By Gaia Renzi, Intelligence Division Intern of STAM Strategic & Partners Group Ltd, March 2020
Libya ongoing instability favoured the emergence of terroristic groups in the last decade. The political vacuum, the abundance of natural resources – that could finance terrorism almost perpetually – as well as the geographical position are relevant elements to take into consideration while addressing the issue of the spread of terroristic groups in the country. Almost ten years after the collapse of the Ghaddafi leadership, the impossibility to find a single and concrete leadership for the country together with the porosity of the Libyan borders – that keeps allowing smuggling of weapons and uncontrolled movement of people – are other remarkable factors favouring the infiltration and proliferation of such groups in Libya.
Currently two major actors are fighting for the power in the country – the LNA and the GNA – but none of the two has the capacity nor the capabilities to launch the final attack and gain full control of Libya. In the meanwhile, different terroristic organizations have been able to operate all over the country while acerbating general insecurity among the population. The LNA and the GNA have been able to reduce – independently and on different flanks – the influence of such terroristic groups but the situation is everything but stable in the Libyan soil. Data from the EUROPOL (for the year 2018-2019) still record a relevant number of terroristic incidents spread all over the country: 27 in the west, 21 in the south and 23 in the east with the type of attacks (defined as Attacks, IS movements, Kidnappings) being equally spread in all the areas.
Attacks are expected to continue spreading across the country as a consequence of continue instability. Islamic extremist groups are expected to collect further resources and act deliberately to pursue their goals. The capacity of such organizations – to recruit people from disappearing terrorist cells or from violent non-state actors based on tribal links – will grow as the attention of LNA and GNA will be directed to gain international recognition in their struggle to affirm themselves as credible national actors. Libya’s has seen a massive spread of local and regional powers based on the tribal tradition of the country in the aftermath of Gaddafi defeat.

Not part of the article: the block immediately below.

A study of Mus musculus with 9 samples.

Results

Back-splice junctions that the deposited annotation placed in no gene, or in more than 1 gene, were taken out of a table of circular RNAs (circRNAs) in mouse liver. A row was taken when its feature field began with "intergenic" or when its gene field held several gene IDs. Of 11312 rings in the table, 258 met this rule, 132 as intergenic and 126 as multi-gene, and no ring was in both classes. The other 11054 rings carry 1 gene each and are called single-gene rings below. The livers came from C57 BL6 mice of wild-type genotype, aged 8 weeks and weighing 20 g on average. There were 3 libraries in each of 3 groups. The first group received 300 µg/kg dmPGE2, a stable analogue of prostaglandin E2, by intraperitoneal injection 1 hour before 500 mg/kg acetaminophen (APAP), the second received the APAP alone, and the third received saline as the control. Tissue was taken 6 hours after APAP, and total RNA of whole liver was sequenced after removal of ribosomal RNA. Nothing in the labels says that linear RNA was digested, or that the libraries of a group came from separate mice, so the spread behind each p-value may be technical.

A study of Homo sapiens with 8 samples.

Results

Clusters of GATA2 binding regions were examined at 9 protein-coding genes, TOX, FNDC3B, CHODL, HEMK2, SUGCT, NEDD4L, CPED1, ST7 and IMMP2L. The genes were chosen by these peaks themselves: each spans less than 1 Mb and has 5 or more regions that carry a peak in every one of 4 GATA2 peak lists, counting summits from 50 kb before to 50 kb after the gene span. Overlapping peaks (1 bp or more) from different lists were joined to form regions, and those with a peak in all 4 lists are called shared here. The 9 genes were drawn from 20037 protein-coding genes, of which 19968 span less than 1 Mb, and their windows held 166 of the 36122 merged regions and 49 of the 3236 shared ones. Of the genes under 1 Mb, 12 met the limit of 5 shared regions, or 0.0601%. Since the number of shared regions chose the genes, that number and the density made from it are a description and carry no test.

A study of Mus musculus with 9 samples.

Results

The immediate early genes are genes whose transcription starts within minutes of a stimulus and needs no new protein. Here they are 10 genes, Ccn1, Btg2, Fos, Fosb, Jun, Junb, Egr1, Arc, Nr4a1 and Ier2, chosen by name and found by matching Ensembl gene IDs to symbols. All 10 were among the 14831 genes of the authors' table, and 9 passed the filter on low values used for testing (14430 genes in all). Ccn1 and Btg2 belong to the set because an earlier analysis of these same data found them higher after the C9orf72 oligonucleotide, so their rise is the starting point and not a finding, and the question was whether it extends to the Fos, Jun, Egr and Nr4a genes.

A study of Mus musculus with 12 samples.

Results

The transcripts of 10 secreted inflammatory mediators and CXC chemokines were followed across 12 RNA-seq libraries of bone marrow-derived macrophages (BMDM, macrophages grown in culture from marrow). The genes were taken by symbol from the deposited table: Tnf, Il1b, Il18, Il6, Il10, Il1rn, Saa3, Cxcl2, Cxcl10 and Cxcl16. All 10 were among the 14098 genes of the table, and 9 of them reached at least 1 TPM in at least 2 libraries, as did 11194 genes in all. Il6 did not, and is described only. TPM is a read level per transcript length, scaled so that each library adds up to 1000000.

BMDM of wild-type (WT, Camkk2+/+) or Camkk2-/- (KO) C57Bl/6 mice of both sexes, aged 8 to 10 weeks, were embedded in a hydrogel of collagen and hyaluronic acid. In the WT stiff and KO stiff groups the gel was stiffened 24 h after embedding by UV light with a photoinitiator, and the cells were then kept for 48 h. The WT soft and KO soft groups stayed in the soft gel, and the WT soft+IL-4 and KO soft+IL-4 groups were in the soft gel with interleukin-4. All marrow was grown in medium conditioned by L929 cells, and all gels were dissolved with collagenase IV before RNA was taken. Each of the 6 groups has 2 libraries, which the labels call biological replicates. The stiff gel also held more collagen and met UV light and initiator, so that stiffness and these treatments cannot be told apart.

The most relevant terroristic organizations acting in the Libyan soil are independent cells of ISIS and Al Qa’ida. ISIS has been able to leverage on people’s needs and insecurities recruiting local militants, returned foreign fighters and neighbouring radicals from Chad, Mali and Sudan. It thus successfully carried out its activities of persuasion attracting people from other local groups in its sphere of influence. ISIS modus operandi was evident in the form of suicide bomb attacks, attacks to governmental premises and oil firms. As per a UNSC report (dated to December 2019), the deteriorated security situation in Libya is expected to become “one of the main axes” of ISIS’s future operations even though, recently, the ISIS-Libya’s capabilities have been consistently degraded. Al-Qa’ida in the Islamic Maghreb is another local independent cell with records of attacks towards international premises and kidnappings of foreigners for financial gain. It is mainly active in the southern border areas where it carries out illicit trafficking and smuggling operations.
For both organizations there is evidence of a widespread use of internet and social media for radicalization, recruitment, funding, planning and execution of terror activities. For this reason, for example, the INTERPOL is currently training Libyan law enforcement officers on OSINT methodologies. It is indeed necessary to track and monitor flows of information as a first tool to prevent the diffusion of such organizations but the fragmentation of power and of the use of force on the territory does not allow a comprehensive and efficacious strategy.
In general, jihadist groups may use the instability of Libya to destabilize the whole North Africa and as a gateway to the European continent. In particular, IS fighters – stepping back from the Syrian and Iraqi territories – may turn their attention toward the Libyan situation and seize this opportunity. More people aiming at further destabilizing Libya are thus expected to reach the country.
The almost certain persistence of different international actors – advancing their own interests in the duel between the LNA and the GNA – will produce two main effects: on one side, it will weaken the diplomatic achievements reached so far further endangering the lives of Libyan citizens; while on the other side it will give space and time to terrorist cells as well as other marginalized non-state actors to reorganize themselves, to leverage on people’s needs and to gain control of new territories. Non-state armed groups will formally substitute what should be, on the contrary, on the hands of national security structures.
Seizing control of oil infrastructures could mean resources to finance ISIS jihad and start again its war with a solid ground; a first group– composed of ISIS and Al Qa’ida fighters – already arrived in January sent by Turkish government to support Al-Sarraj. The European Union knows that, the African Union countries (that addressed the Libyan crisis on February) know that. The stabilization of the Libyan territory under a credible leadership is thus not an option but an urgent necessity for everyone.